The kings of Munster heard that the English were coming across the sea. There were a thousand of them in all, those men of Munster who served the king, who were loyal to the Irish soil. Only in a few places did they still hold control of the fierce and stony island.

When the ships approached the green edge of ocean cliffs at the far southern tip of the island, across the waters came a sound like a ghostly wail. Some spoke of a banshee, the faerie who heralds the death of a beloved and lets out a piercing wail. The wail cuts through the spirit and the visible world, tears for a moment a hole in the veil that separates these worlds. And through the cut, comes a sound as great and as terrifying as anything the islanders had ever heard. The night before the English arrived, some heard this wail and named it a banshee.

Aisling heard it from her purple house in the village, where she was busy preparing for the daily assortment of baked goods for the farmers and other workers who stop by the village for bread. She baked the day before the English arrived because it soothed her nerves. She lived alone and was known across the peninsula for her pastries. She would wake early, three am, to start preparing for the day, mixing the flours with water and salt. But before she started her daily work, she would bring a little bit of water and flour out to the sea and mix it with the salt of the ocean. She put the flour and salt into a ceramic bowl, chipped at the edge, and walk out toward the sea, crossing the dirt road, walking through the alley, and then on the narrow path through the tall grasses, to the pebbled beach. She took off her shoes once she got to the grassy field and would feel under her the pulse of the earth. It was like a heartbeat, that pulse, and she could read it. It would give her information about the health of the land. That day the pulse beat with a watery resonance of fear. It beat quickly and hard under her feet and her skin shivered in reply.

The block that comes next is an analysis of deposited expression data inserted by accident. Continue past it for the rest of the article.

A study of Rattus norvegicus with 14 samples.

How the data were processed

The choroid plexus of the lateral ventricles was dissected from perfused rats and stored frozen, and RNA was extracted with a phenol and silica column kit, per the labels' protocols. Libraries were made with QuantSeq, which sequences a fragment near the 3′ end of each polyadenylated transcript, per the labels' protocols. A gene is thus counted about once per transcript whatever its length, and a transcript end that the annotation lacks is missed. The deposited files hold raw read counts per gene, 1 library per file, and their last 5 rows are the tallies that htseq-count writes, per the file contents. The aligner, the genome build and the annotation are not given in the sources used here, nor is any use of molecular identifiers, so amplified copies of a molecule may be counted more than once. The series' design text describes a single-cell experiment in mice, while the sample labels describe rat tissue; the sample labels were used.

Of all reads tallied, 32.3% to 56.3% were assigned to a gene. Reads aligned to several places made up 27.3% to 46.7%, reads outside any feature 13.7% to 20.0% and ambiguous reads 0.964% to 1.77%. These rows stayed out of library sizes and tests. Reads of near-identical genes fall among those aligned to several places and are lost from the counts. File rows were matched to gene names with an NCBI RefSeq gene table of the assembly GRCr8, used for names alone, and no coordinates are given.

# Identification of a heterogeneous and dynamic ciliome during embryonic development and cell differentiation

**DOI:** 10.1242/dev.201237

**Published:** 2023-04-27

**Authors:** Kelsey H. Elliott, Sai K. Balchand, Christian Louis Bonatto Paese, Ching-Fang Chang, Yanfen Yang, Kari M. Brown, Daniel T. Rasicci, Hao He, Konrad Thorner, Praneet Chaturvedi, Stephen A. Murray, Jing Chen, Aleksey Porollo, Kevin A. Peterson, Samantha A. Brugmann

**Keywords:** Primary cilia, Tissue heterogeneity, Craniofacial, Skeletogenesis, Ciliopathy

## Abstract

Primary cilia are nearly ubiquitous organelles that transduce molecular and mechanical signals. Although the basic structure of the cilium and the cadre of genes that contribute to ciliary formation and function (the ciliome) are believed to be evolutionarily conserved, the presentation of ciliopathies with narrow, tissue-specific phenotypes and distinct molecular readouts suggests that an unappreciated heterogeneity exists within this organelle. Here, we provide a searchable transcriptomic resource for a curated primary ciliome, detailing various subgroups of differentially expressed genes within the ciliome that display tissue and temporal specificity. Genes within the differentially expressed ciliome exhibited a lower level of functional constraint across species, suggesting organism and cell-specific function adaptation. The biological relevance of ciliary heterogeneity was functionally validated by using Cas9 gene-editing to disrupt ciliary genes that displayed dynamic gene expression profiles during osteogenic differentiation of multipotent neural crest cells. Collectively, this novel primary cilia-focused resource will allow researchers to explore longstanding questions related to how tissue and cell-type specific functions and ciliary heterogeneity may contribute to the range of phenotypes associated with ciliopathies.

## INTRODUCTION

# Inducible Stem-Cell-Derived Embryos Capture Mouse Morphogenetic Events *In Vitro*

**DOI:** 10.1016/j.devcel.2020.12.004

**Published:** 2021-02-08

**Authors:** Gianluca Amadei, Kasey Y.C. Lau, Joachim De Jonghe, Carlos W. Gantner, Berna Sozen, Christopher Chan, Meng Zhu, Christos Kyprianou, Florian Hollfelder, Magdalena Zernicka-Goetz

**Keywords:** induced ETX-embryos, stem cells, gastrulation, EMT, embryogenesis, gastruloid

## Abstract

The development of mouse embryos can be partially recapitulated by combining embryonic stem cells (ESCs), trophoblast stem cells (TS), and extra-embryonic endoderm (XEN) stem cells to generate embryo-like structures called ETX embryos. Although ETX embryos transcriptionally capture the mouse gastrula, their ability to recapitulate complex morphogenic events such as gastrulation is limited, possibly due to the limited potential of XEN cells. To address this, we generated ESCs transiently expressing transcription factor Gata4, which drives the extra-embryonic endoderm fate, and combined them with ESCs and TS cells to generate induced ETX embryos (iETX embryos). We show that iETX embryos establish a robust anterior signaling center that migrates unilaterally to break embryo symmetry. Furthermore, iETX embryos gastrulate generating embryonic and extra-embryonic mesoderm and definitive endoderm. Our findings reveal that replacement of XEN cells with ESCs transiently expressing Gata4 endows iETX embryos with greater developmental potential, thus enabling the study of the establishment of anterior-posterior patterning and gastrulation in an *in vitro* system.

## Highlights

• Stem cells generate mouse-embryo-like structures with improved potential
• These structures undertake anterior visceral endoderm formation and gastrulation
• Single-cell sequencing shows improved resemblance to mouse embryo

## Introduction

She approached the dark waters. Her feet were cold on the pebbles. The water was quiet. Even the waters slowly lapping against the shore were muted. Overhead she could see the stars shining bright, not a cloud in sight and the moon was a waning crescent turned over like an empty bowl. Then she heard the wail of the banshee. It came across the water and it felled her inwardly like an ax against the trunk of a young tree in the forest. She wanted to run, for the sound sounded like death itself but she willed herself to stay. Aisling remembered her offering then, the small bowl in her hand, and she knelt down to pour it into the salty waters. Then she looked out on the horizon and she saw them. They looked like stars, farther out but the light burned red instead of the white of stars. Her eyes focused on the point until she knew what it was. Those were ship lights, the torches of those approaching. Her people had boats out there too, who were guarding the harbor. It could be them. These could be her people who were further out, but she knew they were not, that the banshee had come to tell her this in a warning. She turned then and ran back to the village. Her feet slipped on the rocks as she ran, holding up layers of her dress so she wouldn’t stumble on it. Her feet pounded on the path and she didn’t bother to put on her shoes when she approached the alleyway.

She once loved a soldier, and it was to his house that she ran. She knocked on the door and he quickly opened it, fully dressed in his military regalia, a gun in his hand.

They are here, she said gasping.

He frowned. Not yet. They aren’t supposed to be here yet.

Look. She said, pointing toward the water.

But he didn’t have time to look before other soldiers had come up behind and pulled him out of the doorway to join them.

There’s no time left. Another soldier said. We must get up the barracks now.

He looked back at her as he slipped into the wave of soldiers, moving toward the high castle.